Lemon Festival History
A new event to liven the city up
In 1895, a group of hoteliers, seeking a way of providing winter entertainment for the city, suggested to the municipality that there be a parade through the city. By 1896, this new event of Menton was as popular with the local population as with the rich winter visitors. At the time, it was fashionable to spend the winter months in the mild climate of the French Riviera. Kings, Queens, Princes, artists and performers stayed in the palaces of Menton, or had splendid villas built.
The festival of 1882 was a memorable occasion, attended by Queen Victoria in person, and ending in a grandiose fireworks display on the Bay of Garavan. The festival of Menton was then very similar to its cousin in Nice: a parade of “big heads”, confetti-throwing, flower processions…
the Mardi Gras parade leading to a bonfire to sacrifice His Majesty King… with merrymaking in the streets, feasting and all the extravagance characteristic of the revelry before the austere time of Lent.
The tradition of the “Moucouleti”
On the evening of the second parade or Corso, the people of Menton enjoyed a traditional pastime, called “Moucouleti” or “Moccoletti”( for the small candles everyone held in their hands).
The game involved keeping your own candle lit, while trying to blow out the others’! This game was often a pretext for amorous encounters, as recounted by Pierre Masséna: “Young men were expected to use the utmost dexterity in putting out a young woman’s candle, who held it well lit high over her head.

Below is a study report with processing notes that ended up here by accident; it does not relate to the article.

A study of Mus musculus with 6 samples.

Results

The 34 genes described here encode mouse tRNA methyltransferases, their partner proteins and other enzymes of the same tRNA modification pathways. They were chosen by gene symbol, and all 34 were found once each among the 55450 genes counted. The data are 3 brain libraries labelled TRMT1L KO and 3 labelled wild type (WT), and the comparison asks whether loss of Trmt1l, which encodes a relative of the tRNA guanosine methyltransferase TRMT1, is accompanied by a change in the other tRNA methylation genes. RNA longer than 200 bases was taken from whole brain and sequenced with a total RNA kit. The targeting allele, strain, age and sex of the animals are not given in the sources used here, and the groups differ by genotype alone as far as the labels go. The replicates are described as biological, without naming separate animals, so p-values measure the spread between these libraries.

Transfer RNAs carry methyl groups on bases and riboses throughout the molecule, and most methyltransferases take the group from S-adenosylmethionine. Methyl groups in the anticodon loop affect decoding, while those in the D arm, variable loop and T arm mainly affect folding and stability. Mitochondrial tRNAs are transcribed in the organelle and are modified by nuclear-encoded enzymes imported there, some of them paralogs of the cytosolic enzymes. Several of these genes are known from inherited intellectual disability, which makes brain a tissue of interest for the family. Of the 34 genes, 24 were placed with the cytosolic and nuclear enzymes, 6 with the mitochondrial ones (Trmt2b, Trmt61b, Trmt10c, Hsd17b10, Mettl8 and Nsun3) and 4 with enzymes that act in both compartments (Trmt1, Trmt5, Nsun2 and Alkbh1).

Often, after having succeeded in this feat, the young man could relight the charred wick, and receive a kiss in return.”
And the lemon enters the scene
In 1928, Menton was still the number one lemon-growing region in Europe. An hotelier had the excellent idea of organising an exhibition of flowers and citrus fruit in the gardens of the Hôtel Riviera. It was so successful that, the following year, the event moved into the streets, with carts covered with orange and lemon trees along with lovely local girls.
Wishing to develop tourism, the municipality sought to give to this new event a typically local colour: The Lemon Festival was born in 1935. One year later, the first exhibition of citrus fruit and flowers was launched in the Biovès gardens.
François Ferrié was in charge of designing floats decorated with lemons and oranges and decorations in the gardens. It was proven to be an enormous success, confirmed year after year with some visits, street’s animations, night’s parades, and the Gardens of light!